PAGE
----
GOLD HILL, Ore. — Over a thousand athletes came to Southern Oregon on Saturday for the first ever Atlas Race. The obstacle run is from the Rogue Valley, but it’s already creating a foothold across the West Coast.
Barbed wire might not be everyone’s idea of fun…but don’t tell that to these athletes.
“It’s awesome, it was so much fun! There’s just non-stop action going on,” said runner Rose Wetzel.
Plenty of sweat, blood, and mud was on display at the inaugural Atlas Race. More than a thousand runners from the around the country came to test their mettle against a series of brutal obstacles.
“It’s just something you feel good about yourself. You cheer people on. You enjoy the weather, the environment. It gets you into a new town,” said Ben Sherwood.
The race is similar to other obstacle runs, like the Spartan Race or Tough Mudder, only this one started right here in the Rogue Valley. It’s an industry that’s exploding among athletes nationwide.
“Three years ago there were a hundred thousand people,” said Lance Landers, Vice President of Atlas Race. “This year there’s over four million involved in obstacle course racing.”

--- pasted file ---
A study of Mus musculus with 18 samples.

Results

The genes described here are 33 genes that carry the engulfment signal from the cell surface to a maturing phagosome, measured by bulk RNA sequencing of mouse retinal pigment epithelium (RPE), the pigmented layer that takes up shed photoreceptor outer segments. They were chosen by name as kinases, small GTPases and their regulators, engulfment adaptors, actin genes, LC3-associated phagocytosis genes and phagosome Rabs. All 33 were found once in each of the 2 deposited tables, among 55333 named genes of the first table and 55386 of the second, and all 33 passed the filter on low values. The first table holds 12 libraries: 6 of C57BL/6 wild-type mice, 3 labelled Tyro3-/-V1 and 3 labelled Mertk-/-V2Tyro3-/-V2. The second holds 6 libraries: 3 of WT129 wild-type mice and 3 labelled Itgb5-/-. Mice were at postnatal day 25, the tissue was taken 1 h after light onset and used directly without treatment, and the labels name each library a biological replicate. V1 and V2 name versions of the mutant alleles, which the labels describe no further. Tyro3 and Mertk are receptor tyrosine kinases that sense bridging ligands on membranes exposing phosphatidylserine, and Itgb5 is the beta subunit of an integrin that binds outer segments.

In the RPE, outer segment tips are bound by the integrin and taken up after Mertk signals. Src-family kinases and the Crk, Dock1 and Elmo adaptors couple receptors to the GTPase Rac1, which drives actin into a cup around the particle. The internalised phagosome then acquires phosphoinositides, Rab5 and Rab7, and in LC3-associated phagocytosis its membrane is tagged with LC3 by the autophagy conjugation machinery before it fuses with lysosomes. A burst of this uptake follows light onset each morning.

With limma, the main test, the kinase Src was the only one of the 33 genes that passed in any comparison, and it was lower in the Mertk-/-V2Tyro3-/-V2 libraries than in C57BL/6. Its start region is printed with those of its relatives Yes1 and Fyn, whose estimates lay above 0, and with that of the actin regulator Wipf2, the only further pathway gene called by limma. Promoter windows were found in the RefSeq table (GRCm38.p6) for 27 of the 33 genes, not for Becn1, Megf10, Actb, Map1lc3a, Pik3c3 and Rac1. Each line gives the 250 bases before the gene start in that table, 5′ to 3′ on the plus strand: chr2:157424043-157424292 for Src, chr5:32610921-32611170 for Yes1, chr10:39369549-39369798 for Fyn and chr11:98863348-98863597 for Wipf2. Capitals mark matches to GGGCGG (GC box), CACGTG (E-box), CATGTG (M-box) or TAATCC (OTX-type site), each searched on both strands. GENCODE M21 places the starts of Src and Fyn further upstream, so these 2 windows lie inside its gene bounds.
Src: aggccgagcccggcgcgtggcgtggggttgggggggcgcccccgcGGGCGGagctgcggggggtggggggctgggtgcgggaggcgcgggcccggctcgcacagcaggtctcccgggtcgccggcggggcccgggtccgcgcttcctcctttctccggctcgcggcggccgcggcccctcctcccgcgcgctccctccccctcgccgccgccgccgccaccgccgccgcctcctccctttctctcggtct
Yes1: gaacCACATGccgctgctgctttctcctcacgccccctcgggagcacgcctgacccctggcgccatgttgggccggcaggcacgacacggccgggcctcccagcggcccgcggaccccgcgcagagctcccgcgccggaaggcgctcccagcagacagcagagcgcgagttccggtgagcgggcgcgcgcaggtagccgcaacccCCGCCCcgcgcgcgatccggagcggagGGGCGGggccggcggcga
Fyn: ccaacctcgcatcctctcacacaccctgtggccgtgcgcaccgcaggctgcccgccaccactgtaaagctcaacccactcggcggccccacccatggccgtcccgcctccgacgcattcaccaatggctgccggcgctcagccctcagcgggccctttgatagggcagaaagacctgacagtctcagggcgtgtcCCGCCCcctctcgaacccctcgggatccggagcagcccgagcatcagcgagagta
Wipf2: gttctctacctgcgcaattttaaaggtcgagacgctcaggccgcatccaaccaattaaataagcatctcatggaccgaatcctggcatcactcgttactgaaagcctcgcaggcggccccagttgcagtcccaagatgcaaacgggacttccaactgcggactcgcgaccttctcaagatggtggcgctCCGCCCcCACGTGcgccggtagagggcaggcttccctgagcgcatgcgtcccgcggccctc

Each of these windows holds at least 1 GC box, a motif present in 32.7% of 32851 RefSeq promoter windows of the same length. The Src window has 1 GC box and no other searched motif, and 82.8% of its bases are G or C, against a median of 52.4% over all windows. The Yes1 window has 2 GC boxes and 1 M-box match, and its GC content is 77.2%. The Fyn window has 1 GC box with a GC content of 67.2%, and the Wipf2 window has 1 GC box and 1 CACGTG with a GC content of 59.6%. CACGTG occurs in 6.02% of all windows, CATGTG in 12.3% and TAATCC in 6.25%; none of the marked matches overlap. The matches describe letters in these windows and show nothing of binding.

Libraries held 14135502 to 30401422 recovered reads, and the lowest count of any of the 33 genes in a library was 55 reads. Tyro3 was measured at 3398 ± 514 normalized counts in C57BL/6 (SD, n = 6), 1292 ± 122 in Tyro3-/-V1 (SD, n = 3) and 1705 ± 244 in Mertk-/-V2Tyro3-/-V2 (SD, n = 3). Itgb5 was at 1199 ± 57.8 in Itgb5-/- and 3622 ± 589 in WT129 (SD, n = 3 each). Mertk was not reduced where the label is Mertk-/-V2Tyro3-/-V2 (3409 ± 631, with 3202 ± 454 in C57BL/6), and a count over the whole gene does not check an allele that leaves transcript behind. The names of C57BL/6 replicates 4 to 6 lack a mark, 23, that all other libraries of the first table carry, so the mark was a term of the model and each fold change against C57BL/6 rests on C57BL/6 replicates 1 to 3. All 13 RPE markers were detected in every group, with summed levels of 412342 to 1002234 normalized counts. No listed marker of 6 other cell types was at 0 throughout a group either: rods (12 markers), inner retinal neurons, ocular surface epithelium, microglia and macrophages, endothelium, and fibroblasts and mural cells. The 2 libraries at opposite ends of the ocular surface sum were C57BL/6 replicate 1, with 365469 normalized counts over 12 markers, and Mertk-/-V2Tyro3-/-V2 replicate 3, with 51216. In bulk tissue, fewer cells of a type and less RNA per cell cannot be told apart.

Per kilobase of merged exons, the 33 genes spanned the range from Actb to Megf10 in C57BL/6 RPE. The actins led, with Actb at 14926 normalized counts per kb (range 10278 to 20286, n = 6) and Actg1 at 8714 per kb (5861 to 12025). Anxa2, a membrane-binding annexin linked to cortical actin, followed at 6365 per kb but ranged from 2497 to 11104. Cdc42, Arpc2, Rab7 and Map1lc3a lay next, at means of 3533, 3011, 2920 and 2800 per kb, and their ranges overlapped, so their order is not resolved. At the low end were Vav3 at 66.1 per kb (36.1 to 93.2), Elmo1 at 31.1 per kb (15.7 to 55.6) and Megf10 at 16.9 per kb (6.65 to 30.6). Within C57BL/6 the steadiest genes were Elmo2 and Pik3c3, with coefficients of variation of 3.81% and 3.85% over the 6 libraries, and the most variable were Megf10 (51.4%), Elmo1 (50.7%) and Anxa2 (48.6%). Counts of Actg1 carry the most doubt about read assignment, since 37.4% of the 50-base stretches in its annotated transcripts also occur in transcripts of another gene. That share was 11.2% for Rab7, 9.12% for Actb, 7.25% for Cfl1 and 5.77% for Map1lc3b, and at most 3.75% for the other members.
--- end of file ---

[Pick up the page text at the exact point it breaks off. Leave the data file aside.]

That’s a four thousand percent increase…and landers says it isn’t hard to imagine why.
“We had it figured out when we were children,” explained Landers. “We had it figured out that on the playground, we weren’t getting our exercises, and we were just playing.”
Throughout next year, the Atlas Race will be setting their playgrounds up all up and down the West Coast. Then it comes right back to Southern Oregon for the championship, something its founders hope will become a tradition.
“Once we start drawing from some of the bigger markets like Las Vegas, Seattle, LA, we’re going to be bringing those people right back here to Southern Oregon with us,” said Landers.
Its racers say they can’t wait to come back next year and a boring old run may never be the same again.
“If I’m going for a seven mile run, now I’m running through the woods and thinking, ‘Oh, I could do pull-ups on that tree over there.’ It’s like I’m done before I know it because I’m having fun playing like a kid out in the woods,” said Wetzel.